Da Slyme Album

With the exception of the afternoon set at the B.O. Aug 31 /80, Da Slyme did not play again for almost another year. This was likely due to the unavailability of various members who were away for various educational pursuits etc. However things had not died completely. In the late summer of 1980 a bold plan was bought to fruition. The release of a vinyl album - in fact a double vinyl album.

One has to appreciate that at this time locally the idea of issuing a group's own material was considered a pipe dream - only a few had done so. Most "musicians" considered that "well, you have to get a record deal and that it has to be done right" - i.e. it cost a lot of money, etc. Fuck that. Da Slyme was in the habit of recording most of it's shows and practices in various formats and as such had a fair cross-section of stuff to choose from. Two sides worth of studio material and reams of live.

Da Slyme was never a polished band and neither were the recordings. What better way to put the boots to the status quo but to do what most considered impossible - release such a raw, un-cultured, musically illiterate collection to the populace? Financed in the time honoured "pool finances among band members and friends" method, the album was prepared and a receipt indicates that the finished product was shipped from Toronto to Nfld. on Sept 30 /1980.

The disks were shipped. There was no clear vision on the packaging mode in the collective vision when the albums were ordered. The basic thought was to concoct some poster-like papering which could be printed locally, which would include lyrics and all other notes required. This would be folded around the recordings. The price of packaging albums (as also CD's today) in covers and the subsequent printing and printing set up costs, have usually been more expensive that the recordings themselves. For Da Slyme standard packaging was definitely out for reasons of packaging costs alone.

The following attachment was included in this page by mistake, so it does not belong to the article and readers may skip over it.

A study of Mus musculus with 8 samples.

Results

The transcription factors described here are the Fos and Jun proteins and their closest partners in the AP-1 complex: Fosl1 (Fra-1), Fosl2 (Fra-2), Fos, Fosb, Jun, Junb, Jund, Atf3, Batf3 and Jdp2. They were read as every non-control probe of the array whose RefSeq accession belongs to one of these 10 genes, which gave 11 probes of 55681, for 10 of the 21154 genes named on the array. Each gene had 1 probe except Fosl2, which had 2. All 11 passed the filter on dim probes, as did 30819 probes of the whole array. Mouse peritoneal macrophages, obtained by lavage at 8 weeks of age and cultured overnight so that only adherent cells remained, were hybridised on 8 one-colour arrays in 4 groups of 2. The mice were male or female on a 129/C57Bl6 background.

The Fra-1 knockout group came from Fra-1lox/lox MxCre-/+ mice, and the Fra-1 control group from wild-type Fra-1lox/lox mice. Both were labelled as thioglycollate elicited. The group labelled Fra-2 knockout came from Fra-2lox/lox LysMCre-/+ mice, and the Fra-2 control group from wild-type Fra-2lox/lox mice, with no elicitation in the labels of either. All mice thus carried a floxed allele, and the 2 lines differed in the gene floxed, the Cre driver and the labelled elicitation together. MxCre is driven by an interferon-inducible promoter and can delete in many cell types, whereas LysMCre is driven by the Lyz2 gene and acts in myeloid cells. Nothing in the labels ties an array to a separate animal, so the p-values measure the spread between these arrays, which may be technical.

The albums had arrived and it was necessary to finish the process, somehow, and get it out. The partial solution was wrought by an impulsive decision undertaken by No Moniker and Dead Beat. In a morning trip around to record stores and local distributors they hastily bought up eighty or so religious albums and through connections (The Beat worked in a record store at the time), a large number of empty promotional record jackets were acquired - bearing such titles as "The Old Sod - Carlton Showband", "Mr. Dressup" and numerous others. These promotional covers minus disks would adorn the windows and walls of record stores advertising each new release and then be discarded, replaced by the next big thing - "Saturday Nite Fever" (which was another Slyme cover) or some silly thing.

"We'll just spray "Da Slyme" across these and put the albums in side with a booklet!" No and Beat told a sceptical Kirt. "It'll be great", they said. There was considerable discussion amongst the other sceptics but in the end, money had been spent and what was done was done. In retrospect the whole concept is what most people remember about the album, tho it caused not a small amount of discussion. The booklets were quickly contrived and the printing done by Oct 29th.

With little hoopla, the album was first distributed at the Browned Off, later placed in a few select record and "not so record" stores in St. John's. Later 10 copies were placed in the Record Pedlar in Toronto when Groon was there on a business trip. No one knows what happened to these and no money ever changed hands.

The album was reviewed in the Newfoundland Herald, Nov 15/ 80. A year later Paul Wilson reviewed the album in the Toronto based magazine SHADES - p.9 December issue 81. Still, on the playing front, nothing was attempted at this time - fall 80. On Nov. 9, Wet Cheeze Delirium played a gig at the B.O. with an expanded lineup: Wallace, Craig Squires, Justin Hall, Lorne Taylor, and others. Another was played on Nov.30. No more shows of any kind occurred till the following summer.